During the annual Convocation David Wilson, chairman of Berkeley’s Board of Trustees, conferred honorary degrees on three distinguished members of the church.
The Rt. Rev. Victor Atta-Baffoe, Bishop of the Anglican Diocese of Cape Coast in Ghana, received an honorary Doctor of Divinity degree in recognition of his “commitment to the gospel as it has been shared through the Anglican tradition, his passion for the work of preparing men and women for service in the church, and his vision of an Anglican Communion united in mission and ministry.” He began his theological and ministerial formation at the St. Nicholas Seminary, and pursued further studies in London, Toronto, the Episcopal Divinity School and Yale Divinity School and in Ghana. He served as a parish priest in Ghana and eventually returned to St. Nicholas as Dean of the Seminary. This year he became Bishop of the Anglican Diocese of Cape Coast. On the day he received his honorary degree Bishop Atta-Baffoe delivered the Cheney Lecture on the topic of “Living in Communion with Anglicanism.”
Ann Dewey, a volunteer “extraordinaire” and long-time supporter of the Episcopal Church and Berkeley Divinity School, received an honorary Doctor of Humane Letters degree for her lifetime of service, her generosity, her dedication to the school and its principles, and her “large and compassionate heart.” Ms. Dewey received a PhD in Greek and Latin from Columbia University where she developed the conviction, quoted in the citation on her honorary degree, that “Greece, Rome and the Judeo-Christian tradition represent the best that has been thought or said and must be handed down.” She has had a lifelong commitment to education, serving on boards of several children’s schools, including the Episcopal School in New York. She also filled four terms on Berkeley’s Board of Trustees, serving as co-chair of the board and the board’s Development Committee.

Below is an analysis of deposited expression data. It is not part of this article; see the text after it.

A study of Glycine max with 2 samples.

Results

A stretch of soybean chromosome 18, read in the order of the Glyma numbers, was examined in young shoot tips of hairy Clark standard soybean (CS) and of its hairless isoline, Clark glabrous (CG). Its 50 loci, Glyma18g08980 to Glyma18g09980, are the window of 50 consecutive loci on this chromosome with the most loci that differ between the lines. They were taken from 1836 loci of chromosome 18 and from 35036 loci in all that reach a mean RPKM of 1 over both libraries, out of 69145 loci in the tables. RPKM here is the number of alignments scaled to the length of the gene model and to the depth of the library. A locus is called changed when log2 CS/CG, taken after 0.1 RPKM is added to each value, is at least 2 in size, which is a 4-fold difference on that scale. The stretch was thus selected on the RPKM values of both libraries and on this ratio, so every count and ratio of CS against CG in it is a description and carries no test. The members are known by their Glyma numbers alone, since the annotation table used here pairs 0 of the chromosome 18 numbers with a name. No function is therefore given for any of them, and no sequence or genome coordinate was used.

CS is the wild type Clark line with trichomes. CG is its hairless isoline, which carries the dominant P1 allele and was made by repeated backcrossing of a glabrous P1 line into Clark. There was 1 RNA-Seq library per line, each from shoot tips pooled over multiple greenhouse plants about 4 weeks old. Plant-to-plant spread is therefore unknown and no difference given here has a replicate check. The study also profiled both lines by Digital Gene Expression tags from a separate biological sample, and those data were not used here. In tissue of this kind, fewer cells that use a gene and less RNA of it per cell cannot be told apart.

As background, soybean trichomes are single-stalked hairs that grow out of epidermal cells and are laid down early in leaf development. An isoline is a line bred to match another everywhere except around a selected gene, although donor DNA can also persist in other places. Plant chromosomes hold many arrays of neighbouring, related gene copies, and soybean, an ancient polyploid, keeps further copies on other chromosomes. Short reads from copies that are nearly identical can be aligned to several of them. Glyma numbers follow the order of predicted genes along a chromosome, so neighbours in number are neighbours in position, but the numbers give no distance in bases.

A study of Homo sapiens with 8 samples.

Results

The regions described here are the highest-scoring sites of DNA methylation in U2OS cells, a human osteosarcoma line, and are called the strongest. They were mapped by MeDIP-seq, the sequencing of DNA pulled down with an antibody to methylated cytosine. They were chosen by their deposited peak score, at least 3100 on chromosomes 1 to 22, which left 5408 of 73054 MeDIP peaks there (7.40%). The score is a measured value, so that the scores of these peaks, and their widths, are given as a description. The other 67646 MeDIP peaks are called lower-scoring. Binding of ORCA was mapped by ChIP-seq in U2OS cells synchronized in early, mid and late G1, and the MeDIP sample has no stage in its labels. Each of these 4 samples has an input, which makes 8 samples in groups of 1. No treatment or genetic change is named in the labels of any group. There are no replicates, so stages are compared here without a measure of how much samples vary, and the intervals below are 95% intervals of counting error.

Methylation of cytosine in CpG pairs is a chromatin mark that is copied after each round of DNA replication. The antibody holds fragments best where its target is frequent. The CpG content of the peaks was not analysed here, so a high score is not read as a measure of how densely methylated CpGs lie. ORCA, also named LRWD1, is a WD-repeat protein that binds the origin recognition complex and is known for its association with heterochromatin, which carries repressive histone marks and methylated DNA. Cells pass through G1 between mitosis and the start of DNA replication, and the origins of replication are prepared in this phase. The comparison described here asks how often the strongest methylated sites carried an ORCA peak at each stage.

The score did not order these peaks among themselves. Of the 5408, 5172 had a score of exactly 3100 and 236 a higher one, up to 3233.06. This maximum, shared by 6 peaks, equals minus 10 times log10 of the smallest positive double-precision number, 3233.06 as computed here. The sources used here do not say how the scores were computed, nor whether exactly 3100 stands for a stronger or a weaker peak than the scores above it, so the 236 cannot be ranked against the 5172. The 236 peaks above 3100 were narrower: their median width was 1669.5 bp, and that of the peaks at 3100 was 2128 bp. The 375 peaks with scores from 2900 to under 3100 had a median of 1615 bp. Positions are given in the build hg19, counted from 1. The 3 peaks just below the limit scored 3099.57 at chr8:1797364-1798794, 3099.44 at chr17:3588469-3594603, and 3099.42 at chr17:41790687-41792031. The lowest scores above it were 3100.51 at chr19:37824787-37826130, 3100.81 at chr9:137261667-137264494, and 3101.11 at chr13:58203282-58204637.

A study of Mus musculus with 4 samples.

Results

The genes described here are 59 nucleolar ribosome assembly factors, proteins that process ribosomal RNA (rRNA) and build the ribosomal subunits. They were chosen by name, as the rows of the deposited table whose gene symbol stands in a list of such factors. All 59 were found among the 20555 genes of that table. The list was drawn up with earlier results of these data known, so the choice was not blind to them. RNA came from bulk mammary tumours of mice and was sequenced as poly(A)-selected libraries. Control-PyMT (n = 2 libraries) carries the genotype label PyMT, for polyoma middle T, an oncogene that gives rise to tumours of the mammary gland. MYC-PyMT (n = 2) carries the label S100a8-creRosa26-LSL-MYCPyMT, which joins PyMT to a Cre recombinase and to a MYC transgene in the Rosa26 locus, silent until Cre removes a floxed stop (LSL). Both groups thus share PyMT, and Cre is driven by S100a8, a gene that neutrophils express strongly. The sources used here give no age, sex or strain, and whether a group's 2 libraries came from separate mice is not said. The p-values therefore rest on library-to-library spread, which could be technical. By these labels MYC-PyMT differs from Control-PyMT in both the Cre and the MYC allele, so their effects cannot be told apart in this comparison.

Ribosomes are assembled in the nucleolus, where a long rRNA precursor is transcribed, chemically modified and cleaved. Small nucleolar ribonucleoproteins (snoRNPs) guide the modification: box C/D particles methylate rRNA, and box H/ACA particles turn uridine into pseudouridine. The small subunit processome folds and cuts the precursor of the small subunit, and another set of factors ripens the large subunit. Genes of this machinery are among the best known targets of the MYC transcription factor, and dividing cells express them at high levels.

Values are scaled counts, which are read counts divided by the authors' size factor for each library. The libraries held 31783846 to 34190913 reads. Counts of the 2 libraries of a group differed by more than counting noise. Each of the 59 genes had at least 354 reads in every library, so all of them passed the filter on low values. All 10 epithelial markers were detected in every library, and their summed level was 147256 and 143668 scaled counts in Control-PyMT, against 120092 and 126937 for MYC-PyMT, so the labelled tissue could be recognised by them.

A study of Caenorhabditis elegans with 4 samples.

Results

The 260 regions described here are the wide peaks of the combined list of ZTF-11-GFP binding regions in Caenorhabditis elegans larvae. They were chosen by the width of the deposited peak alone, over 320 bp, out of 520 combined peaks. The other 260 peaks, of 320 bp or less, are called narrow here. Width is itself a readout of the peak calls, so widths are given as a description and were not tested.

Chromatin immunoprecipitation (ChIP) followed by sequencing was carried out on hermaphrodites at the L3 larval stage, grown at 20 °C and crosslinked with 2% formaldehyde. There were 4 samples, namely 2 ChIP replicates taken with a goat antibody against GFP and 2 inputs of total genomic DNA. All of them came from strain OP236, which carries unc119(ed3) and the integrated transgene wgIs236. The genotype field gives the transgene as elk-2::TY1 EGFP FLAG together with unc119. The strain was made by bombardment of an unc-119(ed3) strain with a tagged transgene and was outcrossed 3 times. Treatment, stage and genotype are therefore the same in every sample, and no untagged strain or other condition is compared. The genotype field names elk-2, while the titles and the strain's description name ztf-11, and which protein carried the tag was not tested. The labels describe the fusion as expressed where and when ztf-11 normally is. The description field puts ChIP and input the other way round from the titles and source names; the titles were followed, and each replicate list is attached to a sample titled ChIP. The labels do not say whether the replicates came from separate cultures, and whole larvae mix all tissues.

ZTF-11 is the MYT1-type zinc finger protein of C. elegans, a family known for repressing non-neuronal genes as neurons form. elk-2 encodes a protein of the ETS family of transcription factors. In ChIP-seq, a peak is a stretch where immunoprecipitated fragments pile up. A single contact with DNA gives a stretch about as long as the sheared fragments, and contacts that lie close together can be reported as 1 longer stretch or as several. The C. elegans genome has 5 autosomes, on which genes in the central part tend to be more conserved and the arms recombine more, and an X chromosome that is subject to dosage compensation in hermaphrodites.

The Rt. Rev. R. William Franklin, Bishop of Western New York, was honored with an honorary Doctor of Divinity degree for his “lifetime of service to the church as scholar, and as teacher and as a recognized leader in the Episcopate.” An author and lecturer, Bishop Franklin, in the first part of his career, taught at St. John’s University in Minnesota and at General Theological Seminary in New York, and served as Dean of Berkeley Divinity School. Then in mid-career he was called to the priesthood, serving as a priest in Boston and later at the Anglican Center in Rome, and in Philadelphia. In 2010 he was elected Bishop of the Diocese of Western New York, where his vigorous leadership has been widely recognized.